Rick Fines- Solar Powered Too review


Rick Fines Solar Powered Too RickFines.ca

A veteran of the Canadian blues battle, Rick Fines—previously of Jackson Delta and with a handful of Maple Blues Awards since—takes a low-key, personal approach to his folk-blues on his latest release, Solar Powered Too.

With half the album recorded solo in his solar-powered, tree-surrounded gazebo, there is a natural, solitary quality to the release: it is impossible to hide when its just you, a couple guitars, and the crickets.

I find the unembellished songs most engaging. A couple have limited overdubs added, but they retain the sparse nature of their original take. There is something special about just listening to a songwriter present his songs unadorned.

On songs like “Dark Days,” “Below the Surface,” and “Laundry on the Line,” Fines isn’t out to impress anyone but himself. The results are appealing, songs presented as organically as possible. The connection between musician and listener is fully engaged, with the lyrics and sparse reso notes of “Dark Days” piercing the distance between the two; it is one of two songs on which Roly Platt provides harmonica accompaniment.

“Worry Be the Death of Me” is another stark song, a gentle blues of observation and concern. Jimmy Bowskill flavours “One Lone Loon” with appropriately haunting pedal steel.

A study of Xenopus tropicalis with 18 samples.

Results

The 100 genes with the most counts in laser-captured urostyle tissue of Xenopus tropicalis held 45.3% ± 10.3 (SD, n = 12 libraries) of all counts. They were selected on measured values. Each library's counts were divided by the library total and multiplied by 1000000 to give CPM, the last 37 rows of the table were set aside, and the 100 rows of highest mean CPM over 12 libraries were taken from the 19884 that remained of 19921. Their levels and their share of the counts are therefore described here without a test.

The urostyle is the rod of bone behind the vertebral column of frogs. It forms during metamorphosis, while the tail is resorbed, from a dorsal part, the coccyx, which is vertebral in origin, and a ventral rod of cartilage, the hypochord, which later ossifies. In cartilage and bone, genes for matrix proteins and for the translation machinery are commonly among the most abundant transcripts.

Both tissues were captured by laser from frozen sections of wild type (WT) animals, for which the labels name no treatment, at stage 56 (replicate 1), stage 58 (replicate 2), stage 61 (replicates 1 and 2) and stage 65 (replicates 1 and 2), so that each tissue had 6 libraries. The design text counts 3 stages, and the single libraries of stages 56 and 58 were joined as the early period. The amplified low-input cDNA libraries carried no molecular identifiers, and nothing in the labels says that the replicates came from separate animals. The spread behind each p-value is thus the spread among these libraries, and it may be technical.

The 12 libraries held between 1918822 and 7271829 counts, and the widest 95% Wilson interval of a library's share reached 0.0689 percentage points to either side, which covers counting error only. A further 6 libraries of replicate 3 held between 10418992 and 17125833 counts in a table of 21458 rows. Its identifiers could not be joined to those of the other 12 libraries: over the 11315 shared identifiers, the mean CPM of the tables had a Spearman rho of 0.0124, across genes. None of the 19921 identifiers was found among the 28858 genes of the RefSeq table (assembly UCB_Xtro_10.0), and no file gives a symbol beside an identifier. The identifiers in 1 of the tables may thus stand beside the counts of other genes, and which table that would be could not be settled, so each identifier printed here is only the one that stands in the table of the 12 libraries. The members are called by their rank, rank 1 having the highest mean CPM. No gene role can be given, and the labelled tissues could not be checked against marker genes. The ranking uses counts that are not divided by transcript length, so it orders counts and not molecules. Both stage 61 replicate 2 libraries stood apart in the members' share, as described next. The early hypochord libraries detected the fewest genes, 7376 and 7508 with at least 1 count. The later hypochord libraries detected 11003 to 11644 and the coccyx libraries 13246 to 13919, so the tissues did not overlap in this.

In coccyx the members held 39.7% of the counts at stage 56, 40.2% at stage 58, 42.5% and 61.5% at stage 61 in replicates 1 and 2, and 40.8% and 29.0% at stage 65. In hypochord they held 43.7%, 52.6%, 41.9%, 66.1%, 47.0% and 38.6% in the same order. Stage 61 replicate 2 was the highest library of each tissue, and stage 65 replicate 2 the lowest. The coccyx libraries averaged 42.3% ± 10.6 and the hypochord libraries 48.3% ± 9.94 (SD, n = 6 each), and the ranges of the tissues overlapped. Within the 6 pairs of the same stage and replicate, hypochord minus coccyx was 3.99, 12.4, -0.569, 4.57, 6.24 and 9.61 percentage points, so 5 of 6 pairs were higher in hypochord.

Several songs have been fleshed out in the studio—musicians include Alec Fraser (basses), Gary Craig (drums and such), Bowskill (mandolin, mandola, fiddle, and pedal steel), and Rob Phillips (piano)—but even these tracks, including the kiss-off “You Only Want Me When You Need Me” (with vocals from the Delta Sugar trio of Samantha Martin, Sherie Marshall, and Stacie Tabb) and the gripping “Yellow Moon, Indigo Sky” (featuring Suzie Vinnick on harmony) are not so layered as to take away the intimacy of Fines’ performance. The trio treatment afforded “Live Forever,” “Never Let Go” and Jesse Winchester’s “That’s What Makes You Strong” make them additional highlights.

The album concludes with “Scared to Dance,” again just Fines and his resonator guitar, seemingly playing to the darkness of the woods and insects, but actually performed in a Toronto studio. Still, with just his guitar, Fines gleams. The ‘band’ tracks are good, take nothing away from the quality of Solar Powered Too, and even provide the album with needed variety.

A well-balanced, unhurried album of folk and blues sounds. Strongly recommended. Best tracks: “Below the Surface,” “Dark Days,” “Yellow Moon, Indigo Sky,” and “Scared to Dance.”